Dealing with Reluctant Participants of the Leadership Challenge

Dealing with Reluctant Participants of the Leadership Challenge

Beth High

Q: Do you have any advice on how to deal with reluctant participants of The Leadership Challenge® Workshop? How do you respond to people who are attending because "my manager made me go."?

A: The reasons why people attend workshops are as varied as the people themselves, but how they arrive in the classroom does not have to be an indicator of how they will participate in class. One trick is to drill down into the concept of "Leadership is Everyone's Business." By getting people to think about and articulate why it is their business, you can start the shift from compliance to commitment. For individuals who have been sent by their manager, it is important for the manager to explain why he or she sees value in the experience. But, it's equally important to help people discover what value there is for them in becoming a better leader. The pre-work "What Do I Want To Accomplish?" is a great starting point. I have tried a new approach that may be useful when you're dealing with a group that seems more compliant than committed at the start. Ask them to state the challenges they face and the "takeaways" from class they think would best equip them to deal with the challenge. Post the challenges (anonymously) around the room and when the class begins, ask the participants to name a takeaway they think will help them face one of these challenges effectively. The result is a shared sense of common challenges and a great conversation around how effective leadership can help address those challenges.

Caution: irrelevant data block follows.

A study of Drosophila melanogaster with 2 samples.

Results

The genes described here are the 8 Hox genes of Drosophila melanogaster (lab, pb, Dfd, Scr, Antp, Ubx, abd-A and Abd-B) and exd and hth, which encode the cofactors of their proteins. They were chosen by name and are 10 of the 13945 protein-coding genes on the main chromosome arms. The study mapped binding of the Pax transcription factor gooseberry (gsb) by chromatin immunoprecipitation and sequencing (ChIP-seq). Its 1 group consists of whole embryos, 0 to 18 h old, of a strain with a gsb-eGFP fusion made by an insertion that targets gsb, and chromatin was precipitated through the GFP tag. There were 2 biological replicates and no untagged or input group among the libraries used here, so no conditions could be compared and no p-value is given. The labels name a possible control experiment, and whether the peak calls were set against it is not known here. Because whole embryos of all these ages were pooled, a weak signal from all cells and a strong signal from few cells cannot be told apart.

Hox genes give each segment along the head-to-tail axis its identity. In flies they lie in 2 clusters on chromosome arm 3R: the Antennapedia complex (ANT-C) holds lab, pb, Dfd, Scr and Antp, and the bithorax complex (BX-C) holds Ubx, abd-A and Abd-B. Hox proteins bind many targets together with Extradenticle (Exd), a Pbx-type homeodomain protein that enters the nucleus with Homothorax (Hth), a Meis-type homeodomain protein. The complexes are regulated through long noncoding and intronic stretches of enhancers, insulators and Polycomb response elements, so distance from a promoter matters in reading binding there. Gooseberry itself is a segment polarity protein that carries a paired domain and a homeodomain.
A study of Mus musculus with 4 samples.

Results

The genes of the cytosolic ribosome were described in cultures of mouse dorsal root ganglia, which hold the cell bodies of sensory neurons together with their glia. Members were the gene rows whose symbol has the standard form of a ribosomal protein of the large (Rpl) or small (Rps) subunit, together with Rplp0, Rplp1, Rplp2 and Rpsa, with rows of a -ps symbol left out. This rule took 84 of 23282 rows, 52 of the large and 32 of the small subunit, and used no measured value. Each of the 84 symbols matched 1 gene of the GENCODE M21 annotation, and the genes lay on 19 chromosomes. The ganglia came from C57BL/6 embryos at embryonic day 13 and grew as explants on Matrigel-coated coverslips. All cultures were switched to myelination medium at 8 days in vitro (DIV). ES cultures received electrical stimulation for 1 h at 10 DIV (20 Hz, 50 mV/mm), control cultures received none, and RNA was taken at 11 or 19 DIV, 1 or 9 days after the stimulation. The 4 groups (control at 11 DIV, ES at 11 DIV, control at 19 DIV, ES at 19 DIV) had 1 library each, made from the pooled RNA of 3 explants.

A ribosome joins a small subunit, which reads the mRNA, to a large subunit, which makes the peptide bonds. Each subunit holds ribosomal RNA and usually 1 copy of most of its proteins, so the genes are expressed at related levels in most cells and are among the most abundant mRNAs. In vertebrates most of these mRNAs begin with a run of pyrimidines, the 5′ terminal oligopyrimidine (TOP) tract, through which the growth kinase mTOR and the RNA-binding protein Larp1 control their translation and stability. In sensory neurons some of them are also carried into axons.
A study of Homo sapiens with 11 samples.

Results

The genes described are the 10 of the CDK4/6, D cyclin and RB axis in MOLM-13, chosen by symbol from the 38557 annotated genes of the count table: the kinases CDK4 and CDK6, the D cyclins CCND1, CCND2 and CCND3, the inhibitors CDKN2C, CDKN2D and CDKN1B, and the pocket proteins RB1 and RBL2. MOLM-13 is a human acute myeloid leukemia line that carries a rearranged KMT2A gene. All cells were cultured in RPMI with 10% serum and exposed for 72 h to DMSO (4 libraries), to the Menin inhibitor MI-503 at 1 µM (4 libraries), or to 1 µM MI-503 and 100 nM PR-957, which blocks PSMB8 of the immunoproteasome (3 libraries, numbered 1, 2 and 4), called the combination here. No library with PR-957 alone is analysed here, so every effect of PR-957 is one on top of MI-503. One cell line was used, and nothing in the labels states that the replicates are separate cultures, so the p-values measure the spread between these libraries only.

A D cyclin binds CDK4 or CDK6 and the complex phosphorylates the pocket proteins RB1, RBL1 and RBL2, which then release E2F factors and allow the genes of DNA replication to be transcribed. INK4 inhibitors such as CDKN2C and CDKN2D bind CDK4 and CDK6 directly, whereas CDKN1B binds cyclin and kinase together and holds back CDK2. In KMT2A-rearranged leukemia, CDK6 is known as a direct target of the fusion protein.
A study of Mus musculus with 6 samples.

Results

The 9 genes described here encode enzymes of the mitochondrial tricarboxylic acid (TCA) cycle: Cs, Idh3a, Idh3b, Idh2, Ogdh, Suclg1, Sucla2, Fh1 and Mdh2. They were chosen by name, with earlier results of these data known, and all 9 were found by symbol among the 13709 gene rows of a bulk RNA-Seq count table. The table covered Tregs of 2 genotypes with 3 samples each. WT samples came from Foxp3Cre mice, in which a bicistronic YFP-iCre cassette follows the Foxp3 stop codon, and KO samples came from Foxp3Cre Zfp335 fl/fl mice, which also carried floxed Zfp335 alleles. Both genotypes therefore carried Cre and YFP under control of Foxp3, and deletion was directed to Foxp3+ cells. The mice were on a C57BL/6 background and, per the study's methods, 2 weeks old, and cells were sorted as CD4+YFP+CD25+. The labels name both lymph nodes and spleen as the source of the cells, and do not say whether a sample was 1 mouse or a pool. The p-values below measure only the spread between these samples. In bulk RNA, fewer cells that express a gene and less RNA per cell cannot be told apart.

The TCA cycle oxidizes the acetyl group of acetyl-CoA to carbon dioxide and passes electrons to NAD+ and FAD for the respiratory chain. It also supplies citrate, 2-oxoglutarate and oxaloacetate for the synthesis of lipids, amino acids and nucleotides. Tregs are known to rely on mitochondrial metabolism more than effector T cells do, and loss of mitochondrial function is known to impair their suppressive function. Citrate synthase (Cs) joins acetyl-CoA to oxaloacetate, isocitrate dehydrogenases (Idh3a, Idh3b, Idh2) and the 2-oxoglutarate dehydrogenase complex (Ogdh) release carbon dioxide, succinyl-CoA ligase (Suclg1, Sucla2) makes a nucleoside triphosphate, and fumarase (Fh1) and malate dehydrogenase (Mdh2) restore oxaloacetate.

Another tip comes by way of Master Facilitator L.J. Rose, "Ask the class how many are here because they were told to be." Quickly link to the role of the leader by asking if as a manager or a project leader, they have ever found themselves in a similar situation? How many have been handed something they didn't ask for and told to make the most of it. Chances are good every hand will go up. Remind them the choice of what you do with what you've been handed is always yours.

I believe values are at the heart of the issue. By helping the participants tap into what really matters to them, you create the environment for them to become fully engaged. It's not about your fancy facilitator footwork, but giving them a reason to join in the dance.